Gaudreau shines for Canada at U18 world championship

Head coach Dave Barr turned to Sarnia Sting goalie Ben Gaudreau for Canada’s first must-win game at the IIHF under-18 men’s world championship.


Gaudreau came through with 29 saves in a 10-3 quarter-final win over the Czech Republic on Monday in Plano, Texas.

Canada advances to the semifinals Wednesday.

Gaudreau earned the start in the playoff opener by making 24 saves in a 5-2 win over Belarus in the final pool game Saturday.

“He’s a great goalie,” Team Canada defenceman Corson Ceulemans said after the pool finale. “We’re lucky to have him between the pipes.

“He made some huge saves for us. If we didn’t have him, it probably would have been a closer game than it was.”

Gaudreau has a 3-0 record to go with his 2.33 goals-against average and .918 save percentage.

The North Bay native is being tested at the world championship even if he isn’t seeing as much rubber as he did as a Sting rookie in 2019-20.


He’s shared the workload with Seattle Thunderbirds’ Thomas Milic, who leads all goaltenders at the tournament with a 0.50 GAA and .975 save percentage in two starts.

“It’s a great problem to have. We’ve got two goalies that have played very well and our third goalie (Tyler Brennan) is very capable of hopping in there if we need him,” Barr said.

Canada takes a 5-0 record into its semifinal. The medal games will be Thursday.

Gaudreau’s first start at the tournament was his first official game in more than a year.

“It’s definitely something you’ve got to adjust to right away,” he said. “I’ve been doing a little bit of skating and stuff, but nothing to the level of these guys’ shots. (We) got a couple practices in before (a pre-tournament game against) Finland. … It’s just about getting some good shots in practice and it leads over into games.”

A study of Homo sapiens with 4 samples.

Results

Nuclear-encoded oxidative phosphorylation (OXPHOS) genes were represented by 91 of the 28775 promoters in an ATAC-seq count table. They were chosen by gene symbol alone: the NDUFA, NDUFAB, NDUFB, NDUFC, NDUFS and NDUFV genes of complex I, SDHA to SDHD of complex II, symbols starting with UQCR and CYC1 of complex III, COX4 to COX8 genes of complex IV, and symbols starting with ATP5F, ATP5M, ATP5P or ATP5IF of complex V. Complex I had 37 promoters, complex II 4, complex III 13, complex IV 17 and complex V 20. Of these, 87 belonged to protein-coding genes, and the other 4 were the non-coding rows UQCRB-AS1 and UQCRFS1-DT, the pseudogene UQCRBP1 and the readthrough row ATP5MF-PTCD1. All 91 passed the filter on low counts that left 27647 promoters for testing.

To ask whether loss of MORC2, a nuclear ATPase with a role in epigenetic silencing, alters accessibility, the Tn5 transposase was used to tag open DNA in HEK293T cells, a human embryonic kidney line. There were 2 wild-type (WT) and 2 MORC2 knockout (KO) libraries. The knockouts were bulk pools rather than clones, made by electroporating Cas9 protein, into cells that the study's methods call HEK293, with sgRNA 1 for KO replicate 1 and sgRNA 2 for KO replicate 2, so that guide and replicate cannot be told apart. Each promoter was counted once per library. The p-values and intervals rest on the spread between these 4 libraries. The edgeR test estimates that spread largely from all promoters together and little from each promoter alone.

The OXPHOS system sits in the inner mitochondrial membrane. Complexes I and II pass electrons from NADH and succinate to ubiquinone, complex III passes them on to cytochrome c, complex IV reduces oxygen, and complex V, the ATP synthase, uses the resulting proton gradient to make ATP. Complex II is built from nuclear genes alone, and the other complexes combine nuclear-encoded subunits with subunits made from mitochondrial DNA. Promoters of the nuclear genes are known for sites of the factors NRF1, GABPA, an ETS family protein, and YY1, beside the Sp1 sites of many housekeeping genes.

Gaudreau, 18, has stayed active since the COVID-19 pandemic cut short the 2019-20 season and forced the cancellation of the 2020-21 season.

He’s preparing for the NHL draft to be held July 23-24.

“I was in the gym almost every day, sometimes twice a day,” he said. “I was trying to get stronger, gain some weight.

“When I could get on the ice, I was going on the ice. There was lots of trips down to Toronto and stuff like that, getting on the ice and just doing what I had to do to be ready for this. It was a busy off-season. It went well – as well as it could have went.”

He targeted certain areas for improvement.

“My hands were something that I really had to focus in on,” he said. “I feel like this year I’ve received lots of compliments about them. It’s growing in my game.

“And then my speed. For me, going into last year, I was getting used to the speed but wasn’t really doing the speed, I guess is the best way of saying it. But I learned how to at the end of the year. I was working out a lot harder and gaining muscle in my legs so I could do that.”